USHUAIA, Argentina – The 80 female scientists and technicians who set out last Dec. 31 to Antarctica returned this Saturday to the Argentine city of Ushuaia after a successful mission that illustrated the importance of women’s role in matters that will determine the future of the planet.
Once on land Saturday, the 80 women restated the idea of women’s growing leadership with a walk around the port, a demonstration that coincided with the third Women’s March in the United States.
The group, which includes leaders of 35 nationalities and boasts an array of professional backgrounds, largely in the sciences, technology, engineering, mathematics and medicine, embarked last Dec. 31 at Ushuaia, known as the “gateway to the Antarctic,” and after sailing back across the turbulent Drake Passage this Saturday, returned to Argentina once more.
The expedition was the third part of Australia’s Homeward Bound program, which is backed by the Spanish firm Acciona and focuses on promoting the role of women in taking decisions on such global issues as climate change and sustainable development.
“The achievements sought by Homeward Bound 3 are at three levels: to make the participants feel more able to lead; number two, that they see they are stronger united, in other words, each one on her own can do well but together we do significantly better; and third, that they become visible and have an impact on the world,” project founder Fabian Dattner told EFE.
According to the organizers, the diversity of the participants who, besides coming from many different nations around the globe, cover a wide range of professions, occupations and career levels, converge to form a profile for which they were picked for this program: their potential for having an impact on decisions that influence the future of the planet.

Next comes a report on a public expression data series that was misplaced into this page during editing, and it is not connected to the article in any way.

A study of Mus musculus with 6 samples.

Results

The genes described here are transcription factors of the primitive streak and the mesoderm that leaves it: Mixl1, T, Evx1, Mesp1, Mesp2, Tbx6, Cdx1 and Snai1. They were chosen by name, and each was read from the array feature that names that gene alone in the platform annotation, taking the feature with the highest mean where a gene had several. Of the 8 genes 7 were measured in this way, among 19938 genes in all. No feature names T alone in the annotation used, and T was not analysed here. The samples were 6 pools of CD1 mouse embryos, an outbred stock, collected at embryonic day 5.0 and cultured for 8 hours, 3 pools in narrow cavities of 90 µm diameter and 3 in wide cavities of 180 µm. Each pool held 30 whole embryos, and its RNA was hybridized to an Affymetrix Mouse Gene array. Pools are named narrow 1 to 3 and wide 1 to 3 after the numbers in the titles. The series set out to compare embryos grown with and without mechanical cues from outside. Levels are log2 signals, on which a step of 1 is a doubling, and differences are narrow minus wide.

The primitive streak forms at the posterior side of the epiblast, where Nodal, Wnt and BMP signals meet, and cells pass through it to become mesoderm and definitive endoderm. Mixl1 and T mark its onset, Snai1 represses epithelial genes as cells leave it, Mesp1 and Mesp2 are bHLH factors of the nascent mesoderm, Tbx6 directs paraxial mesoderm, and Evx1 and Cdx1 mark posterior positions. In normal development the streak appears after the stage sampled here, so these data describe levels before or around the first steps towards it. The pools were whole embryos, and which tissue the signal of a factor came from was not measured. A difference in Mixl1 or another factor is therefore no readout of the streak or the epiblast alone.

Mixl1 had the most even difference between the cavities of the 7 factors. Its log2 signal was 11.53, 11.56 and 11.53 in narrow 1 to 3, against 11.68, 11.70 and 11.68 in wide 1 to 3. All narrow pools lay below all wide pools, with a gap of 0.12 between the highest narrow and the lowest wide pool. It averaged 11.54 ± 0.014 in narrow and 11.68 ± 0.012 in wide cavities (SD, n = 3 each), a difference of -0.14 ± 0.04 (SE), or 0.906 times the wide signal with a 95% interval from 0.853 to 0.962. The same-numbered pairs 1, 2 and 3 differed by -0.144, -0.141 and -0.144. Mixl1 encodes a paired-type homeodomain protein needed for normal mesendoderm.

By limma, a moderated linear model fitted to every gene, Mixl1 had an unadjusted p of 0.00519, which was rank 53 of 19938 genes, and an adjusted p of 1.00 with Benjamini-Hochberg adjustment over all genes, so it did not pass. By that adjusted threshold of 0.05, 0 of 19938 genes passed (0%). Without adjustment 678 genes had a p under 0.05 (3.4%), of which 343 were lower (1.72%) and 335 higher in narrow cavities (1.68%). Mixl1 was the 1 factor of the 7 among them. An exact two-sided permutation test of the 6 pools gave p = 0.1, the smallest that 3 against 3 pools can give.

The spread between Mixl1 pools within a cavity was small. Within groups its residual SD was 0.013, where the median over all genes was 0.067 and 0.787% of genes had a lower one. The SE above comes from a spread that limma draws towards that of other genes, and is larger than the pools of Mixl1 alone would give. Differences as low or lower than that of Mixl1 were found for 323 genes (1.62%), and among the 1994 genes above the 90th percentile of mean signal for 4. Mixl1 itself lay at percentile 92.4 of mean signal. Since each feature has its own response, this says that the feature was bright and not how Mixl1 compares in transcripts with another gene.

“We aim to become more visible in terms of leadership, influencing decisions that affect everyone, because research has shown that in situations where we women have a strong presence, we are more cooperative and more inclusive,” Dattner said, moments before getting off the ship Ushuaia.
The 80 scientists and technicians visited a dozen places on the southernmost continent in order to analyze, on one of the areas most vulnerable to climate change, the role of women in creating options for sustainable development.
The return to Argentina, after a rough ride across Drake Passage, was very emotional, and amid tears and hugs, the expeditionaries noted how important it is that more and more women have the chance to lead activities that will help save the planet.